OSHA whistleblower protection program moved to Office of the Assistant Secretary

In an effort to strengthen employees' voices in the workplace, the U.S. Department of Labor's Occupational Safety and Health Administration is moving its Office of the Whistleblower Protection Program so that it now reports directly to the agency's Office of the Assistant Secretary rather than its Directorate of Enforcement Programs.

According to Assistant Secretary of Labor Dr. David Michaels, who heads OSHA and now directly oversees the program, this move marks an elevated priority status for whistleblower enforcement.

"The ability of workers to speak out and exercise their rights without fear of retaliation provides the backbone for some of American workers' most essential legal protections,” Michaels says. “OSHA's internal improvement initiatives, including this realignment, demonstrate the agency's steadfast commitment to strengthening a program that is critically important to the protection of worker rights.”

OSHA first announced its plans to restructure its whistleblower program Aug. 1, 2011, under the agency's multifaceted strategy for strengthening enforcement of 21 whistleblower laws. The plan’s implementation began with the fiscal year 2012 budget when OSHA launched a different budgetary line item for the whistleblower program to better track and hold accountable its activities and accomplishments.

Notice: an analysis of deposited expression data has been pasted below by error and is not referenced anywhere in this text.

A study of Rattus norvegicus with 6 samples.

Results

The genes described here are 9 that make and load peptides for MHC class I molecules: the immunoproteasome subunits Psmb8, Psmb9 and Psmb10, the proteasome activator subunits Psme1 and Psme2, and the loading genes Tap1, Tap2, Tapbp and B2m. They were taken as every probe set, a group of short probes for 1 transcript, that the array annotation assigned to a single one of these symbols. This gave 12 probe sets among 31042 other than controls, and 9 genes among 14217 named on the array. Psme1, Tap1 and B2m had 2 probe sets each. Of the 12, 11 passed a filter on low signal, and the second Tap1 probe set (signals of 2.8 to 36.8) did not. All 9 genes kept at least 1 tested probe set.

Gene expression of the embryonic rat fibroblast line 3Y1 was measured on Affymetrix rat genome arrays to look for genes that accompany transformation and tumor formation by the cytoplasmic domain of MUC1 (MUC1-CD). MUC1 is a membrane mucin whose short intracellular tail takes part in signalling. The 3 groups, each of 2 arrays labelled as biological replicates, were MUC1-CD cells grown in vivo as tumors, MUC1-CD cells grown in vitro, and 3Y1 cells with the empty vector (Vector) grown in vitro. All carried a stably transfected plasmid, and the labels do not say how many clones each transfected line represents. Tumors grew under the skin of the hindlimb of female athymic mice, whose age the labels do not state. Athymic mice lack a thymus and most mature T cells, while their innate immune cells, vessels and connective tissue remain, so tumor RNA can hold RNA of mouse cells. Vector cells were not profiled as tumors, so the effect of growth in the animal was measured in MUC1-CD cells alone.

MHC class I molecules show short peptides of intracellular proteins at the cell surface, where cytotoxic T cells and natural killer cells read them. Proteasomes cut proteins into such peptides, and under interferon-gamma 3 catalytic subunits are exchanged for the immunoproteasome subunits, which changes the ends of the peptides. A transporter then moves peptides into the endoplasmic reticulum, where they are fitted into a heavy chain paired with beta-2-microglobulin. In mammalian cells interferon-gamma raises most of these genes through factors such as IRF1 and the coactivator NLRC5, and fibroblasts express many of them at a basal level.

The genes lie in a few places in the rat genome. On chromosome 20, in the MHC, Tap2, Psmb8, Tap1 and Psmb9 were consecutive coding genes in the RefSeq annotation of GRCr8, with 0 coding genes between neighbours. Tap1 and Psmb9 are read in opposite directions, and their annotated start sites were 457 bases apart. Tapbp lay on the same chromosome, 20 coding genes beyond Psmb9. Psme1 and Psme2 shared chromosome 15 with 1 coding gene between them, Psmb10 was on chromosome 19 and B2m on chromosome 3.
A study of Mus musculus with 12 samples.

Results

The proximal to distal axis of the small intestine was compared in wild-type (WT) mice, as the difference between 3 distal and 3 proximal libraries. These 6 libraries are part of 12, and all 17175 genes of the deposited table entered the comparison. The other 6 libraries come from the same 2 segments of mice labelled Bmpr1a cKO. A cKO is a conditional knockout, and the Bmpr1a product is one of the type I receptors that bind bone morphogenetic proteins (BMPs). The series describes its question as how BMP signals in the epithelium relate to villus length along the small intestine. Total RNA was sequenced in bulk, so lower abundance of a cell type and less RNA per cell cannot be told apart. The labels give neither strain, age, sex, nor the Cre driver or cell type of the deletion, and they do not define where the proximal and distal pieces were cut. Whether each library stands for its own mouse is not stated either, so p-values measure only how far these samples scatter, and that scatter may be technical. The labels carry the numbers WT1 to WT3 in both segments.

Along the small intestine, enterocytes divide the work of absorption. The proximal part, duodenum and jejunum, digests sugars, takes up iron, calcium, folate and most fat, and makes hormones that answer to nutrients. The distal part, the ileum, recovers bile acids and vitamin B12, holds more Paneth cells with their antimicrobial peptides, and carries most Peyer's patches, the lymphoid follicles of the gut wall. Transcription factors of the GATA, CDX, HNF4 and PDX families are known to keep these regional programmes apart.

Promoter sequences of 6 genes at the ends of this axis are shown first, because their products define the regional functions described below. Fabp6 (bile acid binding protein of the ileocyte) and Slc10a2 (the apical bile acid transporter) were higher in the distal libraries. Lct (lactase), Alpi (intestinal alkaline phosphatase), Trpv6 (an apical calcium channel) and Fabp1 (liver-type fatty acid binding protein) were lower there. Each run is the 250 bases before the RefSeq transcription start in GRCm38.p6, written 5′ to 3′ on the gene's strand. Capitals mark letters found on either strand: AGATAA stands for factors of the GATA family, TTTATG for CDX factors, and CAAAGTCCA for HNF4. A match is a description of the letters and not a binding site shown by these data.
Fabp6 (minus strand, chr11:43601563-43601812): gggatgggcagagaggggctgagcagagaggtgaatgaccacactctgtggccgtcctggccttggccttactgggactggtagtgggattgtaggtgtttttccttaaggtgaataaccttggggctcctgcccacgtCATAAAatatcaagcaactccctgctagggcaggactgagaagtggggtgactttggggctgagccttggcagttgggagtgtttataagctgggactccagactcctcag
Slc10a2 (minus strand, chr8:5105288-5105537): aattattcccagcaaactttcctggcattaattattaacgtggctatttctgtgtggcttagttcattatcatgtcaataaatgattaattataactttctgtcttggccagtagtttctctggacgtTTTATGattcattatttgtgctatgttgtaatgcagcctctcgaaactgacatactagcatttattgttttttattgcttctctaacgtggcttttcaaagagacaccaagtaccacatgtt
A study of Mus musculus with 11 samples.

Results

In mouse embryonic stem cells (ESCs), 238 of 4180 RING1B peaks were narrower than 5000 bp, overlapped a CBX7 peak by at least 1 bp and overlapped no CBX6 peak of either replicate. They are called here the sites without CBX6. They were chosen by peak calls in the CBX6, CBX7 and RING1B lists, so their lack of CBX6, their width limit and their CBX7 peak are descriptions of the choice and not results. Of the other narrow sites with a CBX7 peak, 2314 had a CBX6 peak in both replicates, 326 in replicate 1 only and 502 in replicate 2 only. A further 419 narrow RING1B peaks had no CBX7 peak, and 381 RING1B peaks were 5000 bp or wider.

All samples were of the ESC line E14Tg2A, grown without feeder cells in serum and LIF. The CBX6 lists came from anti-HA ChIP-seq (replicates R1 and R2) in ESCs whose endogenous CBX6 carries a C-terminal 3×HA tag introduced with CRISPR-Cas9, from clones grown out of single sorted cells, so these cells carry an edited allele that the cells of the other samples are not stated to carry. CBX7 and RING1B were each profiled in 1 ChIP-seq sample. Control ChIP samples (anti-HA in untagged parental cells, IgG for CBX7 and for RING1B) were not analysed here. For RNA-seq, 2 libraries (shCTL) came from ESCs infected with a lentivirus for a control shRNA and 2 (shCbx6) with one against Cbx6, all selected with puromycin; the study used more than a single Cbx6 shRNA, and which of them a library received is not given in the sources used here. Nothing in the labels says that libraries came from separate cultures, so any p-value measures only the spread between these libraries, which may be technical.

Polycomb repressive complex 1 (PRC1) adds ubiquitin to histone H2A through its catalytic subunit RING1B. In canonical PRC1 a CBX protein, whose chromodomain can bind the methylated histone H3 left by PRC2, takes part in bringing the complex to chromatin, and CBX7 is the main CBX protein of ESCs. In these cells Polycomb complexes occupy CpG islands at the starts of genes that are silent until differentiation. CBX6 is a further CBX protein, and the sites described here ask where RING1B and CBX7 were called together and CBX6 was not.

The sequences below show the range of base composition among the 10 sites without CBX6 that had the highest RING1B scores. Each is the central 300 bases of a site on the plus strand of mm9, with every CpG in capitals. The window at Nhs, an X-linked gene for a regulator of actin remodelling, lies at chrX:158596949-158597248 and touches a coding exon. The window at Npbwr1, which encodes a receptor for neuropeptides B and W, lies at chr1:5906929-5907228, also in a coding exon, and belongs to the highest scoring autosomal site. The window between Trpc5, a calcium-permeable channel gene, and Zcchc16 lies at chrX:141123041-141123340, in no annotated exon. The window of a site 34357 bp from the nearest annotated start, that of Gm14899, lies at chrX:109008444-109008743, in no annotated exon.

Additionally, OSHA has created pilot projects to assess structural changes in 10 field regions that could further improve the whistleblower program, and Sandra Dillon, who has served as the acting director of OWPP since May 2011, has been named director of the Office of the Whistleblower Program.

OSHA enforces whistleblower provisions as part of the Occupational Safety and Health Act of 1970 along with 20 other statutes that protect employees who report alleged violations of workplace, commercial motor vehicle, airline, nuclear, pipeline, environmental, railroad, public transportation, maritime, consumer product, health care reform, corporate securities, food safety and consumer financial reform regulations. The OSH Act states that employers are responsible for providing safe and healthful workplaces for employees, and OSHA is there to ensure these conditions by outlining and implementing standards as well as providing training, education and assistance.